Politics matter for financial markets and financial markets matter for politics, and nowhere is this relationship more apparent than in emerging markets. In Banking on Democracy, Javier Santiso investigates the links between politics and finance in countries that have recently experienced both economic and democratic transitions. He focuses on elections, investigating whether there is a “democratic premium”—whether financial markets and investors tend to react positively to elections in emerging markets.
Santiso devotes special attention to Latin America, where over the last three decades many countries became democracies, with regular elections, just as they also became open economies dependent on foreign capital and dominated bond markets. Santiso’s analysis draws on a unique set of primary databases (developed during his years at the OECD Development Centre) covering an entire decade: more than 5,000 bank and fund manager portfolio recommendations on emerging markets.
Santiso examines the trajectory of Brazil, for example, through its presidential elections of 2002, 2006, and 2010 and finds a decoupling of financial and political cycles that occurred also in many other emerging economies. He charts this evolution through the behavior of brokers, analysts, fund managers, and bankers. Ironically, Santiso points out, while some emerging markets have decoupled politics and finance, in the wake of the 2008–2012 financial crisis many developed economies (Europe and the United States) have experienced a recoupling between finance and politics.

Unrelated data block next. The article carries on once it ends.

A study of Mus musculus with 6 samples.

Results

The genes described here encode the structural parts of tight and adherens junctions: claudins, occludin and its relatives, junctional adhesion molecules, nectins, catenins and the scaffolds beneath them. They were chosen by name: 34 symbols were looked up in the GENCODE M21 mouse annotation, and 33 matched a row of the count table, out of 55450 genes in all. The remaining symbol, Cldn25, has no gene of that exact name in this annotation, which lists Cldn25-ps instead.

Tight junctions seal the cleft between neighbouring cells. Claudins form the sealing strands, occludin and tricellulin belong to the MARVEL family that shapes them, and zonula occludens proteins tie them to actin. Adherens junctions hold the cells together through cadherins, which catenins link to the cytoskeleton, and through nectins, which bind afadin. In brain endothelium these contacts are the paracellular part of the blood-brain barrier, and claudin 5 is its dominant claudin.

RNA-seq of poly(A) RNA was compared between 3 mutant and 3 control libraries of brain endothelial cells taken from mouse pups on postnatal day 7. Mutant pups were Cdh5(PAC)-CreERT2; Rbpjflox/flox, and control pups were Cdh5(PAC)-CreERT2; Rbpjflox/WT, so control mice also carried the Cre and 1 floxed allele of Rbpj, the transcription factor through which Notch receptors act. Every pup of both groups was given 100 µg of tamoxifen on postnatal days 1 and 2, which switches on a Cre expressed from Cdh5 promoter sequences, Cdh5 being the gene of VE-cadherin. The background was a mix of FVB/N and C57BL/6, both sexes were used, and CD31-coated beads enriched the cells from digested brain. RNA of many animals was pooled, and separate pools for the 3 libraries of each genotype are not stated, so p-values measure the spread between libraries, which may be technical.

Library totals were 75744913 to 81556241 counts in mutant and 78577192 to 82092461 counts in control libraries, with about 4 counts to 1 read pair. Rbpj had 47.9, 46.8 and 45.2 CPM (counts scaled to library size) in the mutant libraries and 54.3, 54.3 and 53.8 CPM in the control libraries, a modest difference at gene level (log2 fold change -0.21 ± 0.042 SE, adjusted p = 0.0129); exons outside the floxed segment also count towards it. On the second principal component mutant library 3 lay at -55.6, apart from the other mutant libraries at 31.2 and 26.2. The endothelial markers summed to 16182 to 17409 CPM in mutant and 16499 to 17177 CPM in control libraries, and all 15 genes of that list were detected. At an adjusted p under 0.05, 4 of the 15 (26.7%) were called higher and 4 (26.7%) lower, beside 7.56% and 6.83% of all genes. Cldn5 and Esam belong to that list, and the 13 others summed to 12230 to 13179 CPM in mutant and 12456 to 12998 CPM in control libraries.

About the Author
Javier Santiso is Professor of Economics at ESADE Business School, Spain, and Vice President of the ESADE Center for the Global Economy and Geopolitics (ESADEgeo). Previously he was the Chief Economist for Latin America and Emerging Markets at BBVA (Banco Bilbao Vizcaya Argentaria) and Chief Development Economist and Director General of the OECD Development Centre. He studied in Paris at Sciences Po, at Oxford University, and at Harvard University, and he holds an MBA and a PhD. He is a Young Global Leader of the World Economic Forum. He is the author of Latin America's Political Economy of the Possible: Beyond Good Revolutionaries and Free-Marketeers (MIT Press, 2006).
—Luis Alberto Moreno, President, Inter-American Development Bank
—David Leblang, J. Wilson Newman Professor of Governance, Professor of Politics, University of Virginia
—Laura Alfaro, Warren Alpert Professor of Business Administration, Harvard Business School
—Marcelo Claure, Chairman & CEO, Brightstar Corp.